Fatigue in Pregnancy

If during the first trimester you feel as though you are running on fumes rather than a full tank of supreme, you’re not alone. Nine out of ten women feel tired to flat-out exhausted during the first few months of pregnancy. Many are tired from the moment they open their eyes in the morning, and often rest does little to energize them. Most of these women have never experienced fatigue until now. The good news is the fatigue is usually followed by a burst of energy during the second trimester.


Although the exact cause of first-trimester fatigue is poorly understood, there are a few commonsense theories. The rapid and unique storm of physiological changes that sets in within minutes to weeks after conception diverts your body’s attention and probably leaves little energy for normal chores. For example, it takes a tremendous amount of energy to set up the nutritional processing plant – that is, the placenta – for your baby.

In addition, progesterone, the female hormone responsible for many of the physical changes during early pregnancy, also has a sedative effect. Finally, sleep disturbances, nausea, vomiting, and mood swings may contribute to fatigue. Granted, a wanted pregnancy and a positive attitude probably help more than they hinder energy levels, but fatigue is not necessarily caused by deep-seated confusion about having a baby.

Fatigue happens to the most willing and eager mothers, while some women with unwanted pregnancies sail through the first trimester with little change in their energy level. In other words, don’t let anyone tell you “it’s all in your head.” In fact, preliminary evidence shows that the fatigue often is related to nausea and psychological changes triggered by hormones, including depression, anger, anxiety, and confusion.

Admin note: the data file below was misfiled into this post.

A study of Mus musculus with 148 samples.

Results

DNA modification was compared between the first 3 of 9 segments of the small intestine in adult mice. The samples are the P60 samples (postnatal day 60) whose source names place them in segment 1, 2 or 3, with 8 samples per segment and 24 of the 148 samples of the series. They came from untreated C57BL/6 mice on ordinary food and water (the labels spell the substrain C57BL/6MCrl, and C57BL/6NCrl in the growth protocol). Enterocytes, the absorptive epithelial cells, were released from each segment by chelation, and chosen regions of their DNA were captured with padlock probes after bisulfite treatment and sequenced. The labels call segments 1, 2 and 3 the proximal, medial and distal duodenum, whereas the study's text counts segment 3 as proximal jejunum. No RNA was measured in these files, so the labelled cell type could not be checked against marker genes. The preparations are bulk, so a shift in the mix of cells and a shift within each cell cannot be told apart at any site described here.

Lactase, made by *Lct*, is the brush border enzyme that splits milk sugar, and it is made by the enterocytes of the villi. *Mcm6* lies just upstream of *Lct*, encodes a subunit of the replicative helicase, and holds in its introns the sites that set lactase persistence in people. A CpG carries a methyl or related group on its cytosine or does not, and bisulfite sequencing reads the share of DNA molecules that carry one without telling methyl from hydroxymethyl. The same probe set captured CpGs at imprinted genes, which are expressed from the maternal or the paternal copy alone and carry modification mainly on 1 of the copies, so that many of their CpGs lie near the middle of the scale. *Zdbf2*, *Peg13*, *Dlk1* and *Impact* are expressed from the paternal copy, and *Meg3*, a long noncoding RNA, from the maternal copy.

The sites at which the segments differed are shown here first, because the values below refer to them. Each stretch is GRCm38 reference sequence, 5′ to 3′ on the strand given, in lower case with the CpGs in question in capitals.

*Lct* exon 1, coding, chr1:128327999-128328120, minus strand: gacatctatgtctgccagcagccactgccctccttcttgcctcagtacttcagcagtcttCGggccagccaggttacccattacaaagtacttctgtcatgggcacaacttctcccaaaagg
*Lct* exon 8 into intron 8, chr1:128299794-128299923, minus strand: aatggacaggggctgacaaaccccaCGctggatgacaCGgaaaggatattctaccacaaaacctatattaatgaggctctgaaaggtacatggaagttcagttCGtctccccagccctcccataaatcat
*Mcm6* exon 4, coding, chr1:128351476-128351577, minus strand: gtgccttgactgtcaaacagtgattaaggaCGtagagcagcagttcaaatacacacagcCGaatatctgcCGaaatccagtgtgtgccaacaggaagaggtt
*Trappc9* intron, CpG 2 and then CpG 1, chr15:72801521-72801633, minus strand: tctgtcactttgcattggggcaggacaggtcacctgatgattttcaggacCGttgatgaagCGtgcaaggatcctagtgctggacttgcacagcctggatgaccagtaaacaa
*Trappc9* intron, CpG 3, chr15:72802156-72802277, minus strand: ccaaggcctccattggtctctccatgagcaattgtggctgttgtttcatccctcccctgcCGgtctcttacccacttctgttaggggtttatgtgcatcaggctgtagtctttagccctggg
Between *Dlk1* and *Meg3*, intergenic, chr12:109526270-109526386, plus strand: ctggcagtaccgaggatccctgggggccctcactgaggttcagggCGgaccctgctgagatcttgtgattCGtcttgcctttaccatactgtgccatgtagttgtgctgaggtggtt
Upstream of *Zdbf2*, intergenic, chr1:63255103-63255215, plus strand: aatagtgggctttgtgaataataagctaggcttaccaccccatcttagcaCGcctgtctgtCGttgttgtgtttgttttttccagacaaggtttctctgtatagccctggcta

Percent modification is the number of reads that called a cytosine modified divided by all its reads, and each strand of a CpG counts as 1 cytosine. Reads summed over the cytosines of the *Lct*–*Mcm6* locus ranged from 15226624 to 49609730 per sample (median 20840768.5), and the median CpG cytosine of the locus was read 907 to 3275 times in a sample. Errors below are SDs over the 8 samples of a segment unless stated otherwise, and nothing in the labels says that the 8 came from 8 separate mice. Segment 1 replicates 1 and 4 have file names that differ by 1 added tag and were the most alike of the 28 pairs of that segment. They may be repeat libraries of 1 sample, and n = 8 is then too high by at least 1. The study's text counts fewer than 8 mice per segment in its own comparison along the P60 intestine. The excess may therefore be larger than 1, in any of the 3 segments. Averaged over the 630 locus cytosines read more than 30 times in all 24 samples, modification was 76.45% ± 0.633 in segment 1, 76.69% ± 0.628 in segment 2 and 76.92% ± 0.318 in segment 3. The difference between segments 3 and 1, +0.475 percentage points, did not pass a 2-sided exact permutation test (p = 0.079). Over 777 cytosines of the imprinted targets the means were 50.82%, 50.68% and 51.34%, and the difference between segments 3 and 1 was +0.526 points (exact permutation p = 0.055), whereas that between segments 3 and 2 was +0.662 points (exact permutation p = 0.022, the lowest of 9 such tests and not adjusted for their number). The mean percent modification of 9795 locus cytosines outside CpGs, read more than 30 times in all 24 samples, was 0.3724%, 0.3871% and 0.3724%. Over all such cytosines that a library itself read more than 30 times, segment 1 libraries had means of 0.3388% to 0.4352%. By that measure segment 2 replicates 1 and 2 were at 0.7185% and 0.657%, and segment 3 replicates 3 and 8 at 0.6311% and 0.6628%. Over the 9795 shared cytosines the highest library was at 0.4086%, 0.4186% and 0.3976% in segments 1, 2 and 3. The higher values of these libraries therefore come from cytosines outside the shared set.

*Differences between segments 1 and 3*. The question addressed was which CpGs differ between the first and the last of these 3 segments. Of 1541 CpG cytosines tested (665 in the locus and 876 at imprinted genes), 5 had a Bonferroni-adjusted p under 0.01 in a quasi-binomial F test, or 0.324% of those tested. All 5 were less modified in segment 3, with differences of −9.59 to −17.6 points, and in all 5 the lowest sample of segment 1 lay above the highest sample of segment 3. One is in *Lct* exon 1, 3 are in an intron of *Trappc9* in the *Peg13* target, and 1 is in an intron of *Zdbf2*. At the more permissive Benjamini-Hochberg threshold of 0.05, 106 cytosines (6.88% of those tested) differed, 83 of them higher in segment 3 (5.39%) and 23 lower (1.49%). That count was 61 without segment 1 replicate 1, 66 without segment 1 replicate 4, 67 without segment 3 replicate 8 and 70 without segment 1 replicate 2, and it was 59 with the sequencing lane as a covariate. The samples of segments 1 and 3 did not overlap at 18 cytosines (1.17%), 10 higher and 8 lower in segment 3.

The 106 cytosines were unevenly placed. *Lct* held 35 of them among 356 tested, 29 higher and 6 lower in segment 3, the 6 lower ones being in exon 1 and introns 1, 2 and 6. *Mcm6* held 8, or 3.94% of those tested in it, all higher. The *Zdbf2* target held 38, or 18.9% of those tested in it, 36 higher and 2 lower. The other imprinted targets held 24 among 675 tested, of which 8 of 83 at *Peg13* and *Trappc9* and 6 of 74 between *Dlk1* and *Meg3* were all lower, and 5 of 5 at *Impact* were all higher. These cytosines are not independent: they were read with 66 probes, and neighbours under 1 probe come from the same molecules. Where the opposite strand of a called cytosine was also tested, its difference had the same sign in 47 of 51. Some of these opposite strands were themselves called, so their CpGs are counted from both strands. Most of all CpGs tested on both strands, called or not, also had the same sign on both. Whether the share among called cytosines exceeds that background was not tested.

Dealing with Pregnancy Fatigue

There are no magic pills for fatigue, but you can curb the energy drain by eating well, exercising when possible, and listening and responding to your body’s needs. Not surprisingly, one study found that women who entered pregnancy in good physical condition and with good stamina, regardless of age, reported less problem with fatigue in early pregnancy.

To fuel your energy rather than your fatigue, avoid sugary foods and caffeinated beverages, which are a temporary quick fix and usually leave you feeling even more tired in the long run. Instead, try to eat every four hours, include a grain and a fruit or vegetable at each meal or snack, always eat breakfast, and drink plenty of fluids.

In addition, take an afternoon nap (even if you have to close your office door and take the phone off the hook), go to bed early, and pamper yourself whenever possible. If your fatigue lingers beyond the first trimester, is accompanied by pallor or dizziness, or seriously affects your daily routine, consult with your physician about a blood test for iron status.